Virtual Santo Domingo (5)

August 3, 2012

Today’s 4×5″ thumbnail in pencil, pen and Prismacolour coloured pencils on photocopy paper is the Catedral Metropolitana, Santo Domingo’s main church. For me, it was an exercise in strict symmetry as an important subset of architectural drawing. I’m very often undisciplined and follow shadows and ravishing contour, diving off here and there all over a building, but here it was necessary to build up the detail working from the centre outwards, working up from ground-level, as a builder would. I like the use of dry media (a dry town of rocks – though I’m very impressed with the use of watercolour by USK symposium attendees to convey tropical luxuriating foliage) so I’m running with that for the moment.

I’m getting the strong impression that Santo Domingo is a stern place – not surprising given its DNA as a walled city fortress bordering a river and the sea. Having been burned downj by Sir Frances Drake is enough to make anyone nervous. It takes great pride in military show, then as now; Dino Buzzati’s sinister and quietly desperate novel about vigilance in a military outpost comes to mind. I wanted to convey the dessication and oppressive heat by showing the cathedral behind powerful gates (Mater Ecclesia is for the chosen few while the barbarians are kept outside at bay)  – perhaps knocking the church back in pencil with strong pen for the fence/gates,  but I got carried away with the colour – intense colour in a haze of rose pink and blue-grey.

Background

Constantly asking “why?” when it comes to architecture (just as I seek out anatomy in answering the “why?” of life drawing), I’ve determined the church was consecrated by Julius II and built between 1514 and 1540. I know from my viola de gamba music studies how European Continental culture was paralleled out in the Caribbean. There are parallels with last night’s tv program Sicily Unpacked which dealt with the Spanish who occupied Italy and Sicily for many centuries. At one point the two commentators in that program visit a 19th century villa up for sale – straight out of Lampedusa’s fabulous novel, The Leopard. This Cathedral is the first in the Americas, hence its moniker as the catedral primada di America and so becomes the antecedent for other great cathedrals in the US, Canada and Mexico.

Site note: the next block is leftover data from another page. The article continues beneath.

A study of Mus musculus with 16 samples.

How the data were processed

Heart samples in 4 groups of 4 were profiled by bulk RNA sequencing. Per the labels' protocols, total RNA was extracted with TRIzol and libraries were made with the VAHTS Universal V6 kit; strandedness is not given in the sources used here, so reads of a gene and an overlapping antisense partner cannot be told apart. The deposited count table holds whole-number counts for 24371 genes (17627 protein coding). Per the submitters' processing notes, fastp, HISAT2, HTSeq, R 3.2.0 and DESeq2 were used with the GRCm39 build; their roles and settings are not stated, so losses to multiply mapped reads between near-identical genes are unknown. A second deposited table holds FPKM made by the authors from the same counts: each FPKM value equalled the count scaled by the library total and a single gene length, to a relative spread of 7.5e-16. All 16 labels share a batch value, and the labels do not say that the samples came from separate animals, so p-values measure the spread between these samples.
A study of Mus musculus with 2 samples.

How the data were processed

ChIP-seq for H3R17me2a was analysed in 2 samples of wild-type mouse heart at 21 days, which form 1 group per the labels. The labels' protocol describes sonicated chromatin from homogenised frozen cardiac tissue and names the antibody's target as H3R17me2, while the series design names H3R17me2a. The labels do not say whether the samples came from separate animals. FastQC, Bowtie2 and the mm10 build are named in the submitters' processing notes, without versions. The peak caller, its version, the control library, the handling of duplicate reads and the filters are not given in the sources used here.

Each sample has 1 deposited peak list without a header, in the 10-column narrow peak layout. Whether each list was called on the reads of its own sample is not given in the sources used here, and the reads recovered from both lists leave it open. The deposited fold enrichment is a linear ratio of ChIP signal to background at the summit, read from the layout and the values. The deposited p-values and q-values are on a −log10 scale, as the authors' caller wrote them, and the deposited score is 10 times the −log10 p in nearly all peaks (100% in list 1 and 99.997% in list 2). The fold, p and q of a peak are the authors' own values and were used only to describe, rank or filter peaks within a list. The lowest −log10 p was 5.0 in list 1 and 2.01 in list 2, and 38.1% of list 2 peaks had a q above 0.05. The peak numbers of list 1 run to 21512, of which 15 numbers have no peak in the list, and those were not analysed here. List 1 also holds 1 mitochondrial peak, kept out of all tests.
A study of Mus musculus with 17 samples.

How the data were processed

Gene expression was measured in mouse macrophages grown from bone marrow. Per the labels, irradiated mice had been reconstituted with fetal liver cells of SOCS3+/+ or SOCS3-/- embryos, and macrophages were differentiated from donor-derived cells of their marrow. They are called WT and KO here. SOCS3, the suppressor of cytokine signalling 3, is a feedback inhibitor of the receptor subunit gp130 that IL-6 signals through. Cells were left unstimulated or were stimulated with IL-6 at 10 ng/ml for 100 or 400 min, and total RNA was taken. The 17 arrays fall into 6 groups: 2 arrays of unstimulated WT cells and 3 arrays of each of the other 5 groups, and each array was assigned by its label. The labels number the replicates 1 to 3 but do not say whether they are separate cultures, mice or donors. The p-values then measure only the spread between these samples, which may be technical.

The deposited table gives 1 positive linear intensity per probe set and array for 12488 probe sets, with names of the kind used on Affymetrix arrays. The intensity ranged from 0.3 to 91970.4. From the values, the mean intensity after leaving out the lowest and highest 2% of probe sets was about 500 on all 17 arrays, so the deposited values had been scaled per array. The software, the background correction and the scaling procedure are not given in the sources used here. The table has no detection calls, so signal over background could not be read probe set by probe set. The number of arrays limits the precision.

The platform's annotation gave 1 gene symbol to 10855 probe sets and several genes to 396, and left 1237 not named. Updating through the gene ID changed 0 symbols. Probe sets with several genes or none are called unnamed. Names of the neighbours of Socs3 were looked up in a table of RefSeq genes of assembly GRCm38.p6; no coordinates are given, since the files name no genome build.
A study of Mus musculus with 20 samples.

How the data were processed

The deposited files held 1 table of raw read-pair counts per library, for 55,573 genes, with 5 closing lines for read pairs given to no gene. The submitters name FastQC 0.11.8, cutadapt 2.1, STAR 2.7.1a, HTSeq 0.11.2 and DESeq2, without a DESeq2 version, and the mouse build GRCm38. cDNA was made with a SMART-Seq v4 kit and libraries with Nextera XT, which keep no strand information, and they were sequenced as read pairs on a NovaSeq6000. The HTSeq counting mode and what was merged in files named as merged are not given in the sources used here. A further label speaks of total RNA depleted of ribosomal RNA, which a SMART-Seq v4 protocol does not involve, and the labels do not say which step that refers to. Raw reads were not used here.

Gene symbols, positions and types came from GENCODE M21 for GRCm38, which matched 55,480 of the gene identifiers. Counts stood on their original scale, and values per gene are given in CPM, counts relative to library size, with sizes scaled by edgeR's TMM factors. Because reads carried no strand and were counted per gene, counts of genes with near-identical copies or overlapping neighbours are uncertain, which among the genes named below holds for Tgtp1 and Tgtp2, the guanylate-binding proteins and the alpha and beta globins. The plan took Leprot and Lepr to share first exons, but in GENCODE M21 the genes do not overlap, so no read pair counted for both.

Today’s personal soundtrack is all of the Bach Cantata 179, as performed by Harnoncourt on Youtube: the boy treble makes a lot less of the “teifen in Schlamm” compared to Magdalena Konoenza (the Gardiner performance), but otherwise the tempi throughout are good (except for the last soprano aria which sounds rushed).

More reports are coming in from participants at the Santo Domingo USK 3rd International Symposium. A question which looms large is the superficiality inherent in floating into a foreign city with no knowledge of the language. There’s a risk of “cargo cult” anthropology which I find interesting. Is urban sketching all about being locked in The Present, a narrow perspective given the burden of The Past especially in such as place as the Dominican Republic (Trujillo, 1965, the US Marines?). Can urban sketches convey sensitivity to The Past – is the mix of people (The Present) and the built environment (The Past) sufficient? Is it a form of modern colonialism under the guise of cultural tourism? Is USK under a moral obligation to conduct community outreach or is that implied in the notion of the last day of the symposium being thrown over to a global SketchCrawl (TM)?  I hope USK left sketching in Santo Domingo better than they found it; in the meantime, I’m intrigued about the USK methodology and ideology.